Children who struggle with sensory processing often find potty training to be a daunting task that often leads to a battle of the wills that nobody actually wins.
Using the potty is actually a very complicated life skill that involves:
- adequate registration and interpretation of the sensation of a full bladder,
- transitioning away from an activity in order to deal with the need to toilet,
- communication of the need to a caregiver,
- motor planning to stabilize on the toilet while releasing the bladder,
- tolerating significant tactile input as clothing is removed and put back on again,
- tolerating auditory input from the close proximity of caregivers as well as the flushing of the toilet,
- and more.
No wonder it’s such a big milestone!
Sensory Tips to Make it Easier
Make it a Routine
This eliminates the need for the child to correctly identify the sensation, prevents issues with the child not wanting to stop a preferred activity when the need arises, and enhances communication without requiring the child to verbalize the need.
Most kids do best with visual schedules. For toddlers and preschoolers, it can be overwhelming to see the schedule for the entire day so consider breaking it into reasonable chunks of time. For example, the first schedule strip could show the morning routine leading up to breakfast or leaving the house. For kids who stay home, the next schedule strip could show breakfast to lunchtime, etc.
Schedule boards can be easily created using Google Images or your own photos, velcro dots, and some strips of poster board. For a toddler, a typical morning routine might show:
- Wake Up
- Wash Hands
Make sure to build potty breaks into the schedule every one to two hours.
Let the Child Use the Potty Seat
Take the child shopping, or buy a few options to keep available at home for him or her to choose from. Stability is key. It is important the child’s feet are not dangling. If they choose a little potty seat, their feet will be firmly planted on the floor. If they choose a potty ring that goes on the regular toilet, be sure to have a step stool for them to rest their feet on.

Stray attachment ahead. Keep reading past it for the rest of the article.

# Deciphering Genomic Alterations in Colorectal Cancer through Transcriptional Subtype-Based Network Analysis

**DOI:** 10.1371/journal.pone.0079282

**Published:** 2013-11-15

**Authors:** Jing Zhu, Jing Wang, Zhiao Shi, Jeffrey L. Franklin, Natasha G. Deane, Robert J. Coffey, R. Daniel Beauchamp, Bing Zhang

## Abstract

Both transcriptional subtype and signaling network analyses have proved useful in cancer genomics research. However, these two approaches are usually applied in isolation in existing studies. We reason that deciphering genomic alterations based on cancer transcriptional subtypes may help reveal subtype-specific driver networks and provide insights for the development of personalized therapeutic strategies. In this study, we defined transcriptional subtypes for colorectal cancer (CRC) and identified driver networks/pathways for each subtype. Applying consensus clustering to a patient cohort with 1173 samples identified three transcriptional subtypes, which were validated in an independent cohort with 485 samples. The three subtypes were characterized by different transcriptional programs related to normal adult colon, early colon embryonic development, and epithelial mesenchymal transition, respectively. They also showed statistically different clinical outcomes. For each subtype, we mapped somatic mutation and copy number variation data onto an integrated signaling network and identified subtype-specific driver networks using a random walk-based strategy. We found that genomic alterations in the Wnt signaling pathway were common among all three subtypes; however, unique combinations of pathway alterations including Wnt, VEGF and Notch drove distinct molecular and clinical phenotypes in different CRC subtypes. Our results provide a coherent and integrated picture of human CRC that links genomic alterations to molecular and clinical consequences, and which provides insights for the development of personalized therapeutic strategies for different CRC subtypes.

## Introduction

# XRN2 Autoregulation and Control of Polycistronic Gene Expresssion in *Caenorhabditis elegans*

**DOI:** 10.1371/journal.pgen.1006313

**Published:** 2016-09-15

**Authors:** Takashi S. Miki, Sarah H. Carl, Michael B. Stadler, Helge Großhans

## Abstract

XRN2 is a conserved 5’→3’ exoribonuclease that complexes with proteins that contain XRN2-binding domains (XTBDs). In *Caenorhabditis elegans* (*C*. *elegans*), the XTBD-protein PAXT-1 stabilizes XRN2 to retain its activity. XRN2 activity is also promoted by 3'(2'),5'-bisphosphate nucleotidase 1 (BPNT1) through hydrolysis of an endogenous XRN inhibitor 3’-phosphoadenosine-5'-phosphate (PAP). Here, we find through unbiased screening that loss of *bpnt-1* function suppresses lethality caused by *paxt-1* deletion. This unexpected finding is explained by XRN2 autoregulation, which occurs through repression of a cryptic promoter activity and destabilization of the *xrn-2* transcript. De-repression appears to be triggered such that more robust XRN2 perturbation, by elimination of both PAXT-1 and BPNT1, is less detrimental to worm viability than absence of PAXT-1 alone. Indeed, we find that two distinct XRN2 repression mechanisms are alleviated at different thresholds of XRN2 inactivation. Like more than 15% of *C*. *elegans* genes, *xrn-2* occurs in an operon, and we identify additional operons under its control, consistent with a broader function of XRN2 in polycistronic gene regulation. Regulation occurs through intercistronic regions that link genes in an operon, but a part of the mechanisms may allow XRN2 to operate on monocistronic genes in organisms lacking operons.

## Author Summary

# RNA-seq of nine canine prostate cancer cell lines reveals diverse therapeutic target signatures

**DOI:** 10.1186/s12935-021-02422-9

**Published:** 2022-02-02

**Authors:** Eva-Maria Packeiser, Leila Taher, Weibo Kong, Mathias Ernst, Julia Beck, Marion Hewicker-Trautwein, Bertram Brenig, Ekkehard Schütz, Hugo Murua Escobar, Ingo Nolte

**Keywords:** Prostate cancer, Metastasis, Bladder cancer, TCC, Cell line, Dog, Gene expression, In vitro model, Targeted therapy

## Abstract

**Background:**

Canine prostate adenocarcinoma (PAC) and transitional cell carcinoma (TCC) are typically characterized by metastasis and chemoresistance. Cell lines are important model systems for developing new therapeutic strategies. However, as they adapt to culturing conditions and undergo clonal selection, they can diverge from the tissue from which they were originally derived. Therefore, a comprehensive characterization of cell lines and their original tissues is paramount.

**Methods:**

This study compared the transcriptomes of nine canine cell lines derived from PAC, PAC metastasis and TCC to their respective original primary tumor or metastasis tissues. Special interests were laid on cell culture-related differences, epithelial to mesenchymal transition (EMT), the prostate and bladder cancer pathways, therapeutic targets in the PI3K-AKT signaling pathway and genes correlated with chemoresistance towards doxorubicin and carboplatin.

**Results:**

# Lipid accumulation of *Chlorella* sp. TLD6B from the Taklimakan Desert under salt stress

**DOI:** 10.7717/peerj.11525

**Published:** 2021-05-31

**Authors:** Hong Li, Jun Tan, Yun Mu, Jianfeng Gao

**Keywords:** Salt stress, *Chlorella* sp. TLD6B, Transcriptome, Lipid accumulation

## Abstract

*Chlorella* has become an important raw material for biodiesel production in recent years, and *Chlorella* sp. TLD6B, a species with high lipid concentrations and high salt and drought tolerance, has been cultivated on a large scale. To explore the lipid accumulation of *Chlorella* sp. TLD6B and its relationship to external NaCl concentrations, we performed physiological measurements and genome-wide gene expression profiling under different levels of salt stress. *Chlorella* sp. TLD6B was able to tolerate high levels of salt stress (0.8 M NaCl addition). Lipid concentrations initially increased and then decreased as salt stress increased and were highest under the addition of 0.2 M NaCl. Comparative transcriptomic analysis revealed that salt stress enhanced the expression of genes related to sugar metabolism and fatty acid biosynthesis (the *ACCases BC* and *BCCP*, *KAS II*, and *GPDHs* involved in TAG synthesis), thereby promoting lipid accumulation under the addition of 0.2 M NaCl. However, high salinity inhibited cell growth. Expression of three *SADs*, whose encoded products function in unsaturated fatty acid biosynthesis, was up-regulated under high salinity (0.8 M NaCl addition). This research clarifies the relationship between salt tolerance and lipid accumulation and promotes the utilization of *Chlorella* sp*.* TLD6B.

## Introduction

Eliminate Tactile Issues
While potty-training at home, allow the child to wear only a long shirt with no diaper or underwear on, if possible. This helps them to get maximum input from the sensation of having an “accident” and it also eliminates the need to pull clothing up and down which is bothersome to some kids. This method works best if a parent can stay home for a week and be fully devoted to potty-training until the task is accomplished.
Meet Sensory Needs throughout the Day
Work with your child’s occupational therapist or do some research on how to set up a sensory diet to make sure your child’s sensory needs are being addressed. If your child is struggling with sensory overload or has unmet sensory needs, it is unlikely that he or she will be able to handle the increased sensory demands of potty-training.
A sensory diet can be built into the visual routine mentioned above to keep your child functioning at his or her best. For example, if your child wakes up fussy and irritable on a regular basis, build some calming input into the routine, such as rocking with you, before going into the bathroom.
Offer Lots of Sensory Choices
Some children prefer wet wipes, others want regular toilet paper.
Some kids love to flush the toilet themselves, others want to be as far away from the sound as possible.
Some like company, others want to be alone.
Some want music and toys, others want to be read to while on the toilet.
I know it seems like a lot of work in the moment, but once the child is fully-trained, they typically no longer require all of the bells and whistles. This too shall pass!
Here’s how the process looked for my very own sensational child:
We gated off the tile-floored kitchen and she and I literally lived in there for nine days with her wearing only a long t-shirt and a potty-seat always nearby.
We followed a visual schedule where I put on the “must-do’s” (potty, breakfast, etc.) and she put on some choice activities (puzzles, play-doh, etc.).
If she started to “go,” she got instant feedback that she wouldn’t have felt if she were wearing a pull-up or underwear and we moved quickly to the nearby potty seat.
She was given paper towels to help clean up the accidents – not as a punishment but rather as a natural consequence that she hopefully would want to avoid in the future.
Scheduled “potty times” meant she sat there long enough for me to sing two songs of her choice.
Successes were rewarded with M&M’s.
It was a long nine days, but at that point she was fully trained and no longer needed songs or M&M’s! Hooray!